Monday, 21 September 2015 00:00

Significance of Independence Day

Written by
Kwame Nkrumah

On 21st September 1909, Kwame Nkrumah was born. He is the founding father of Ghana and the man who led Ghana to independence from Britain in 1957. As Mali & Guinea celebrate their Independence Day this week, I would like to pose this question: "What is the significance of Independence Day to us in current times?"

For me, as a person who only spent a couple of my formative years in my motherland, Ghana’s Independence Day was a time for celebrations with friends and family with lots of singing and dancing. Educational and government institutions were the most visible national event. What was Independence Day like when you were young? You would probably remember seeing on TV the nation's leaders unfurling the national flag.

Photo credit: Wikipedia

The event itself has meant different things at  different times in my live and as time moves on, I no longer celebrate as I did in my youth.  In fact nowadays, the pressures of modern life, the act of  celebrating often passes me by.  However, notwithstanding this, Ghana and Africa are always in my heart.    Rabindranath Tagore's poem below reflects my aspiration and AfricaOracle's mission and vision for the true potential of Africa to be fulfilled and for our people to be in peace and prosper.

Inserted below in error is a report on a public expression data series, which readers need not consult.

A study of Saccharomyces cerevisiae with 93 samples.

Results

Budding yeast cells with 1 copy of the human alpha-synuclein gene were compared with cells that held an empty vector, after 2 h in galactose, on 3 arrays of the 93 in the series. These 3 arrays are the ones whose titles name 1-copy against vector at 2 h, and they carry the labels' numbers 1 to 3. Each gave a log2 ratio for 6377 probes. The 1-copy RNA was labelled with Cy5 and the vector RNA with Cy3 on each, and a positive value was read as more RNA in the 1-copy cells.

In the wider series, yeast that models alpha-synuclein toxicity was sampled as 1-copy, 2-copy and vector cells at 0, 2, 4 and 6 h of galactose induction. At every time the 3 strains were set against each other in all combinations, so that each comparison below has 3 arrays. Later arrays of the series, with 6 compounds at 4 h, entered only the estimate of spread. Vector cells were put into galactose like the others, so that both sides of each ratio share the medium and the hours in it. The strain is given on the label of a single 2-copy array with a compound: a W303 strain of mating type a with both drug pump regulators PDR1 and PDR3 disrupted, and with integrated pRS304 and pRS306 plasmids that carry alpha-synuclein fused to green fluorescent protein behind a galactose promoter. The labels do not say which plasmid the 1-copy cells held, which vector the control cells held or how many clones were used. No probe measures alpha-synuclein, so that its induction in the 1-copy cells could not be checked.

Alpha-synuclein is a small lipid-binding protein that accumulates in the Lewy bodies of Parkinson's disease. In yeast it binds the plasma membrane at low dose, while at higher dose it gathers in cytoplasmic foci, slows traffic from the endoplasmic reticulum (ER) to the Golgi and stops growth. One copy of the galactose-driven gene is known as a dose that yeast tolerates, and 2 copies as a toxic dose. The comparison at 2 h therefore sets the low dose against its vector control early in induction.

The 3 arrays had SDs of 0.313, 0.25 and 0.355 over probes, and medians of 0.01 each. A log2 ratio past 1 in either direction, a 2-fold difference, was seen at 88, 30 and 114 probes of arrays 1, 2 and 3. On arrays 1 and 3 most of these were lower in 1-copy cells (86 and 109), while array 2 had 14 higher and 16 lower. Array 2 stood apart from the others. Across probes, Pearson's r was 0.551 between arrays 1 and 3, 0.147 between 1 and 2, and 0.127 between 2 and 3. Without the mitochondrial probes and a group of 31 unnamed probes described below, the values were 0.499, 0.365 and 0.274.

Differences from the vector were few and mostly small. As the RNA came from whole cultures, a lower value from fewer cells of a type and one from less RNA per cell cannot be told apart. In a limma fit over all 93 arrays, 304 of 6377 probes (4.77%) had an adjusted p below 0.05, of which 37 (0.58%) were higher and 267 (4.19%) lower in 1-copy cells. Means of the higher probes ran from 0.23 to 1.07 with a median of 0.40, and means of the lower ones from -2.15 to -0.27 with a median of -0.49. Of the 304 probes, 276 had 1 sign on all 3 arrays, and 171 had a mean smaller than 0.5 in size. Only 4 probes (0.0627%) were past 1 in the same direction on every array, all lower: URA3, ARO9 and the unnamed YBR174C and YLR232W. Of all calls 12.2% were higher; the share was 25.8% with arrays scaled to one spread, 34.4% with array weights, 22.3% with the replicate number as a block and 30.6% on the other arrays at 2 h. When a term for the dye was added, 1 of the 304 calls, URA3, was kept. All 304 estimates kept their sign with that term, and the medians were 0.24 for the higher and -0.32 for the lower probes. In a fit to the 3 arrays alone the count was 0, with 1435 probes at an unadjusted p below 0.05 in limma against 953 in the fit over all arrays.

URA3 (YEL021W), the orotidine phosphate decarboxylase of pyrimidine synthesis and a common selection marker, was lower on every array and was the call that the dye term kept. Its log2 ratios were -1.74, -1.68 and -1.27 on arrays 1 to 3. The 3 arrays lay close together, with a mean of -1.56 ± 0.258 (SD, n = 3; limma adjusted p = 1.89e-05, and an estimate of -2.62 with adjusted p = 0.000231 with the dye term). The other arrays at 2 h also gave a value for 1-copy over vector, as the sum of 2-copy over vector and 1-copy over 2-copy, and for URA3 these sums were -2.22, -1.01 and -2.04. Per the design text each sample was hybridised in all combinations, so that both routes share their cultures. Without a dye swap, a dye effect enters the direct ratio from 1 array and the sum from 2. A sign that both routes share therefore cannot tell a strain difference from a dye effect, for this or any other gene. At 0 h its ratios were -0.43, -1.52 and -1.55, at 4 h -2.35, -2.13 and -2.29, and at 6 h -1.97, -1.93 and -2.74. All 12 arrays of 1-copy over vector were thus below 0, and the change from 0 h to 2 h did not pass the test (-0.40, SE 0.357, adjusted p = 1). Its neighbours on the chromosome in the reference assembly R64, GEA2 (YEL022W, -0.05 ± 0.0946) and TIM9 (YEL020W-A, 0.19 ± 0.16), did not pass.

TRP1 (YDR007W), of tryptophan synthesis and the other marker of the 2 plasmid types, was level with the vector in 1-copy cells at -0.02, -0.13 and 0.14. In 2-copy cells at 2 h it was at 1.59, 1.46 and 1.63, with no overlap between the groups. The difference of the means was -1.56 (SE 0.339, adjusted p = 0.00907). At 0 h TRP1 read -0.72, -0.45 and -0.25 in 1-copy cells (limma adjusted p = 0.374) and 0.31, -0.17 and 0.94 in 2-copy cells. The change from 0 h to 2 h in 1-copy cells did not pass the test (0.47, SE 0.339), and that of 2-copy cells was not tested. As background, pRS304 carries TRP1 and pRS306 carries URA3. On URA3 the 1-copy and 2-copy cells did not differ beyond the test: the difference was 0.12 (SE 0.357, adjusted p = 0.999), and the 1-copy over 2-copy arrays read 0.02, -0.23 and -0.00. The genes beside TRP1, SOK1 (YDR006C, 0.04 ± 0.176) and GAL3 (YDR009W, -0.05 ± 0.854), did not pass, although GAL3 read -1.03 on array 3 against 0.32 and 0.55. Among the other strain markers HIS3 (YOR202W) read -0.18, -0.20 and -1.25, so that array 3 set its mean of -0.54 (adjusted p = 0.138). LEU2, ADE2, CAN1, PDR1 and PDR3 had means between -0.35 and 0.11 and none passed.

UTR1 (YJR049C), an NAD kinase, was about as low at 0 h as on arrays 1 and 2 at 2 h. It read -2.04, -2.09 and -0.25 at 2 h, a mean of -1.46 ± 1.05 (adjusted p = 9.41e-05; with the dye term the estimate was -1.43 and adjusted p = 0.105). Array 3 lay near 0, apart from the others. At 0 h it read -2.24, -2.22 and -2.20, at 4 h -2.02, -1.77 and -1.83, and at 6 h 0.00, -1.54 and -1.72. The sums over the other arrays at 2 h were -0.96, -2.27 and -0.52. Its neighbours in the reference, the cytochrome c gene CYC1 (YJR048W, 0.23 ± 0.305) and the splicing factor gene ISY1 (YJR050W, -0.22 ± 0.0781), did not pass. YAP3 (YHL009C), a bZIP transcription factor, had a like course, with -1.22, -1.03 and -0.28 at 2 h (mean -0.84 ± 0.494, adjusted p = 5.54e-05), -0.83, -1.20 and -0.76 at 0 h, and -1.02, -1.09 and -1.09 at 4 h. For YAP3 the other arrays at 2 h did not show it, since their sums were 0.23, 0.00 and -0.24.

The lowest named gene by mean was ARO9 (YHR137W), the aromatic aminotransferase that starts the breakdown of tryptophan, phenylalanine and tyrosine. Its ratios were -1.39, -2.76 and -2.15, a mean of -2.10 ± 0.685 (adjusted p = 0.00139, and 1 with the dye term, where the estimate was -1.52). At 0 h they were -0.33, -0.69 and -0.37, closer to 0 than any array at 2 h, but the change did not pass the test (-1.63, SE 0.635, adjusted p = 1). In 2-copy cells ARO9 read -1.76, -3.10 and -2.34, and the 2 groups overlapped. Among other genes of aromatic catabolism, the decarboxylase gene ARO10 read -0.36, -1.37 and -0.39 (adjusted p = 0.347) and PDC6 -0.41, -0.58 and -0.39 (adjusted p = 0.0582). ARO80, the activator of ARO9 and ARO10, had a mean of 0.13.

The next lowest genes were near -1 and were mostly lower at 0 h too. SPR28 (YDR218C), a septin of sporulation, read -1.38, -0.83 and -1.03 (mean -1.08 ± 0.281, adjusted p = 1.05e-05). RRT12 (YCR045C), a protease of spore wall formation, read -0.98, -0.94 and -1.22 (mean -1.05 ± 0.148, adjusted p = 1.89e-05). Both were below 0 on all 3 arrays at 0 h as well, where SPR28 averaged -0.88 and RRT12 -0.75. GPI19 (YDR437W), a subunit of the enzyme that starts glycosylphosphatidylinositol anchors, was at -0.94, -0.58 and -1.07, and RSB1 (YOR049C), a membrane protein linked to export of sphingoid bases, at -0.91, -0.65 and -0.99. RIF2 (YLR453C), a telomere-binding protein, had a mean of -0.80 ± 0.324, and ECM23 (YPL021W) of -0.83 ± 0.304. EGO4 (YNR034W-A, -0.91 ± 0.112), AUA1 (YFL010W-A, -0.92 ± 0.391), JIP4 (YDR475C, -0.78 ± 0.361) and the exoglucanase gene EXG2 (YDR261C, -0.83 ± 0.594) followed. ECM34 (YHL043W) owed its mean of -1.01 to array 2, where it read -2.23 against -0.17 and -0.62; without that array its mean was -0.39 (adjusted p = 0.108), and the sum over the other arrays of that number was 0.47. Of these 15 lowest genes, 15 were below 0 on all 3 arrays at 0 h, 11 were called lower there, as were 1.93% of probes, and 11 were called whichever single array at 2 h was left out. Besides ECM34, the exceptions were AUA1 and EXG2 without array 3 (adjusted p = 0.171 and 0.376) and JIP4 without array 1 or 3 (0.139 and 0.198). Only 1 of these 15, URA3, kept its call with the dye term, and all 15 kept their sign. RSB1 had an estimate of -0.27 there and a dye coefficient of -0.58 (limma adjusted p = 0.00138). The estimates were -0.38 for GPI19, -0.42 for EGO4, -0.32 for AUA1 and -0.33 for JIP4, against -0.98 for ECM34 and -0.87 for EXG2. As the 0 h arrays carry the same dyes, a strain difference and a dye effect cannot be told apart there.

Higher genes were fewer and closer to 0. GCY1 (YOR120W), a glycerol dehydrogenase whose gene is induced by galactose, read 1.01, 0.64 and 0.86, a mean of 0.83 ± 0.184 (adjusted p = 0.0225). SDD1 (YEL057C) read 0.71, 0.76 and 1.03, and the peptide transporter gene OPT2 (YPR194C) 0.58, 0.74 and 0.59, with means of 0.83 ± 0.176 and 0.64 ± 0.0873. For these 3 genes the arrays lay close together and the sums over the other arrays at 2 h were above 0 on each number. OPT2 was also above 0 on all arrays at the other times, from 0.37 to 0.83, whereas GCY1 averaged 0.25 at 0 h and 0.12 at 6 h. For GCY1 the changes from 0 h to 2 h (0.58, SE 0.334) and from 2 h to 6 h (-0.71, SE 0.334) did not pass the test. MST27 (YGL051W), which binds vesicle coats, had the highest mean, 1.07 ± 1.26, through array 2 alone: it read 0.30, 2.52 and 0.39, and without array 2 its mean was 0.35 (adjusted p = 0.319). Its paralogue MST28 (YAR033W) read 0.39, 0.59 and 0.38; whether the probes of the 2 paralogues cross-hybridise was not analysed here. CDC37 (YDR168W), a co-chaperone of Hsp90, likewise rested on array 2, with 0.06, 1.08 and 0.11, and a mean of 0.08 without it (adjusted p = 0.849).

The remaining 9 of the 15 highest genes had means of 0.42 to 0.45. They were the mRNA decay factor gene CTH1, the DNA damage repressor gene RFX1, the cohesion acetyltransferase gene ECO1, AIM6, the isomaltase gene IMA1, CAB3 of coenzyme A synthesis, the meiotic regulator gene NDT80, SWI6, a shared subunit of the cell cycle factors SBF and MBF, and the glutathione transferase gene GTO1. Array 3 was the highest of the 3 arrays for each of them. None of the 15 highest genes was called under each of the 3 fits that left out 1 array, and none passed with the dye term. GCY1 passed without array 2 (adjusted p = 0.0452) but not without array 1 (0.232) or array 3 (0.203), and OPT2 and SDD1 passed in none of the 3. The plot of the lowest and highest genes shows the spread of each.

Peace of mind

Where the Mind is Without Fear ~ by Rabindranath Tagore

Where the mind is without fear and the head is held high;
Where knowledge is free;
Where the world has not been broken up into fragments by narrow domestic walls;
Where words come out from the depth of truth;
Where tireless striving stretches its arms towards perfection:
Where the clear stream of reason has not lost its way into the dreary desert sand of dead habit;
Where the mind is led forward by thee into ever-widening thought and action—
Into that heaven of freedom, my Father, let my country awake.

Photo credit:  drp / Foter / CC BY-NC-ND

Reflection on The Past

Let us take a few moments to reflect for a moment - reflect on how our individual nations have done in the past, and where it is headed to in the present and in the times to come. Now is not the time to criticize the 'founding fathers' of the nation for what they could not achieve or visualize. Rather, it is a time to renew the pledges and hope for our nations and Africa.


Photo credit: Kenzoka / Foter / CC BY-NC-SA

Ambassadors of Africa

So, let us be thankful for the life we live in freedom and take the opportunity to give back something to our nations. Let us on this occasion ask what we can do for our nations. Let us remember that each of us is an ambassador and representative of our nation, a partner in the progressing history of nations and Africa, our motherland.

The great Nelson Mandela said: “You can start changing the world for the better daily, no matter how small the action.” So let us be the change we wish to see in Africa.